AGMA hosted an EV Town Hall last month during their Motion + Power Technology Expo (MPT Expo). This event was planned to explicitly ask the question, “Is industry ready to roll up its sleeves and start the process of sharing common outcomes that will serve as the building blocks for standards for electric vehicle technology?” Spoiler Alert: The answer was a resounding, yes. And the discussion uncovered some key issues, and perhaps a surprise or two, that will help AGMA leverage its 107 years of experience in this space to start to frame future discussions for electric vehicle standards development.
Stock Drive Products/Sterling Instrument (SDP/SI), a Designatronics, Inc. company, completed and passed its recertification AS9100:D and ISO 9001:2015 quality system audit. The audit, conducted by Intertek over a 5-day period, certifies SDP/SI’s quality management system conforms to AS and ISO standards.
AGMA’s standards development process has been reorganized from a committee-based structure to a project-based format. This change means that AGMA will no longer have standing, topic-specific committees. Instead, project working groups will be formed to develop and deliver project-specific objectives. The group will be dissolved at the end of the project. The change will enable the AGMA’s Technical Division Executive Committee (TDEC) to pivot its resources in a timely manner to meet and address the ever-changing needs and challenges of the gearing industry.
The AGMA Technical Division informs of the publication of new documents by ISO Central: ISO 10300-1:2023, Calculation of load capacity of bevel gears — Part 1: Introduction and general influence factors; ISO 10300-2:2023, Calculation of load capacity of bevel gears — Part 2: Calculation of surface durability (macropitting); ISO 10300-3:2023, Calculation of load capacity of bevel gears — Part 3: Calculation of tooth root strength.
The American Gear Manufacturers Association (AGMA) Technical Division Executive Committee, TDEC, announces a minor restructuring of AGMA technical committees to better serve the industry. The new structure will replace existing topic-specific committees with project-specific working groups that will be formed to develop the deliverable of each project.
For 107 years, AGMA has been the go-to place for gear standards. We have been bringing together engineers and leaders from across our industry to keep our standards updated and in line with new technologies. We started with noise issues on electric street cars in the early 1900s, and today we lead the global ISO TC 60 committee on standards including wind-turbine gear-box development. As new technologies and gear applications emerged, AGMA has gathered experts to discuss, brainstorm, share, and collaborate on the topics of the day such as plastic gears, epicyclic gears, marine gears, wind turbine gearboxes, and, of course, gear sets for internal combustion vehicles. We have also kept updated standards on gear accuracy, materials, and lubrication. This work has led to standards that reduce costs, improve quality, and make safer products for manufacturers and consumers worldwide.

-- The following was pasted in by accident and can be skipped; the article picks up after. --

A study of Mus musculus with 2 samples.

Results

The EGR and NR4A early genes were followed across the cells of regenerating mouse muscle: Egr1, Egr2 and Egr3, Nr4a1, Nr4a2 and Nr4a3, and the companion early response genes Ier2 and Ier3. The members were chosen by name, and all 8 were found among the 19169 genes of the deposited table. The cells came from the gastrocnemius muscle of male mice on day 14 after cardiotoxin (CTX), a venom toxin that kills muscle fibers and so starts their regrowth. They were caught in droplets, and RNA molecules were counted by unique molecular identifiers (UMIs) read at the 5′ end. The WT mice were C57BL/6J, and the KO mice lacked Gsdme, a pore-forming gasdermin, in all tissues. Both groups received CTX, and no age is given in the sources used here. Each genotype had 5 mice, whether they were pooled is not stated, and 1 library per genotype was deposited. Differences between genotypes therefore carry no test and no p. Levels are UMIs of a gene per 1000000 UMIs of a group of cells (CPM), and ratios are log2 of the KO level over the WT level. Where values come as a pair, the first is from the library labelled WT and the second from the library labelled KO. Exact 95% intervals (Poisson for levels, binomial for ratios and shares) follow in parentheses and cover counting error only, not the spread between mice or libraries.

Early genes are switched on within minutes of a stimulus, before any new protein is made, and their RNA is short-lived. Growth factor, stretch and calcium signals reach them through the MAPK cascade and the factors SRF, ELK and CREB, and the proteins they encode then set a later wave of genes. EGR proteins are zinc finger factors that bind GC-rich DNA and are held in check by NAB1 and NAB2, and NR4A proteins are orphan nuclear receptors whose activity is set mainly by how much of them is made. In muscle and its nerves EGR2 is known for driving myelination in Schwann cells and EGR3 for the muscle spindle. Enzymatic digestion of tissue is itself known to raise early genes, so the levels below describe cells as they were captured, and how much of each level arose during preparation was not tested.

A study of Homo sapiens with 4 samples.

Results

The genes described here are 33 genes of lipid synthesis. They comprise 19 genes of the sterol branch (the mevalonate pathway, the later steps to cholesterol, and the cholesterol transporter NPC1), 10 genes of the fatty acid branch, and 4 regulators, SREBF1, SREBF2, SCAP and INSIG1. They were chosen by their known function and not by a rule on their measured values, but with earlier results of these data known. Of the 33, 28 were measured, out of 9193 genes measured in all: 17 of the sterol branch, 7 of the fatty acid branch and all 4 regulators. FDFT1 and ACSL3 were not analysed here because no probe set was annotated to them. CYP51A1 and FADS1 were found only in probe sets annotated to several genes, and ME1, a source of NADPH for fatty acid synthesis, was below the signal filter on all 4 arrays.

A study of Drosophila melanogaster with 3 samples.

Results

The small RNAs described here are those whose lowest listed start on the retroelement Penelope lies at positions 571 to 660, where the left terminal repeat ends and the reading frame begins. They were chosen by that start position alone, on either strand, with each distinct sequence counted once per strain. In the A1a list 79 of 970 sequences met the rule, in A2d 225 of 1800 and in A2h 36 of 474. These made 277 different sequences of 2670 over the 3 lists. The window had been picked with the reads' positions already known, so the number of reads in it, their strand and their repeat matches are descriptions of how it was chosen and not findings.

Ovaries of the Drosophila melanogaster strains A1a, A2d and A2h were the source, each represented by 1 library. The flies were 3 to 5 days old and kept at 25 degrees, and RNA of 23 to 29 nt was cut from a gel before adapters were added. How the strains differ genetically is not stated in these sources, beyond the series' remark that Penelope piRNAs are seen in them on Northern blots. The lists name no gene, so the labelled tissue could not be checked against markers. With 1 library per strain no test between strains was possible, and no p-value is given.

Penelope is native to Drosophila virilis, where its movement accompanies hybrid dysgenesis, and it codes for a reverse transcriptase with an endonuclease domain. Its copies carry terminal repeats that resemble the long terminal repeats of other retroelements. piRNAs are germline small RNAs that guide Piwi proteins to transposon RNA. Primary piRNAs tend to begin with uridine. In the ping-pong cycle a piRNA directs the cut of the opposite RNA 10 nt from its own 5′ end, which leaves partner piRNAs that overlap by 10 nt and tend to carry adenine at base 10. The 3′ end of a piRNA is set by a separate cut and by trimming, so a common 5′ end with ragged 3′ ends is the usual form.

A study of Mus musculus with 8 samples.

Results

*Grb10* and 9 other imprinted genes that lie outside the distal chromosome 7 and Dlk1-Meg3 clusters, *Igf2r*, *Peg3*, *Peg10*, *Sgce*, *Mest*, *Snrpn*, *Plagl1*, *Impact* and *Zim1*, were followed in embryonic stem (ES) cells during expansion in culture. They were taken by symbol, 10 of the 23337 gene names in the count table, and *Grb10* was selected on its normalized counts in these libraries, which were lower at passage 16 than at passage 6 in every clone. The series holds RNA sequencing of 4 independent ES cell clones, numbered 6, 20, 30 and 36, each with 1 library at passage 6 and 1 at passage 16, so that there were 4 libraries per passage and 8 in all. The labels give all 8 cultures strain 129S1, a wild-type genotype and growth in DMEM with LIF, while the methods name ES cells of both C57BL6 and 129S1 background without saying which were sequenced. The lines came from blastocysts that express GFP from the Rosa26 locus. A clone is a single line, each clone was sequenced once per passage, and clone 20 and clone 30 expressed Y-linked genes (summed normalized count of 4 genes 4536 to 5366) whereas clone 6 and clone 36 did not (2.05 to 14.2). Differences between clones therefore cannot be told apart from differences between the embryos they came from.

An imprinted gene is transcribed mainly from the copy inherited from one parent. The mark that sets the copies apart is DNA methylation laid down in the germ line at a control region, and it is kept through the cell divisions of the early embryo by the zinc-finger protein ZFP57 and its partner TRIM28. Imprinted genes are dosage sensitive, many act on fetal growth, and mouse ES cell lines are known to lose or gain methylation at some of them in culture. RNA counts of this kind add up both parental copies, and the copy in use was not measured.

The individual components that go into a power transmission system such as gears, bearings, shafts, seals, fasteners, housings, or lubricant, all affect one another. A small tweak to the design of one may require a cascade of other design changes throughout the system. Because of this, the gear engineer should have some knowledge of the design of components besides gears. To that point, for this month’s article, I’m taking a sidestep from writing about gears to give an update on bearings; components found in nearly every power transmission system.
AGMA is pleased to announce the publication of two new documents: ANSI/AGMA 1012-H23, Gear Nomenclature, Definition of Terms with Symbols, written by the AGMA Nomenclature Committee, and AGMA 947-A23, Gear Reducers—Thermal Capacity written by the AGMA Enclosed Drives for Industrial Applications Committee.
I’ve been seeing a lot of hype surrounding OpenAI’s artificial intelligence chatbot ChatGPT-4 recently. Including acing standardized tests and writing college term papers in seconds. Each time I read about it, I wonder how it, or a future generation of artificial intelligence (AI), will be used in companies and particularly in my job. To answer my question there’s no better place to go than to ask ChatGPT-4 itself.
This month's issue of Gear Technology covers a subject engineers love to learn about from others but hate to learn about through firsthand experience: gear failure. In a broad sense, all engineering is concerned with failure. Eventually, all parts fail, so engineers need to determine the limits of their design and ensure that it will meet the requirements of the particular application.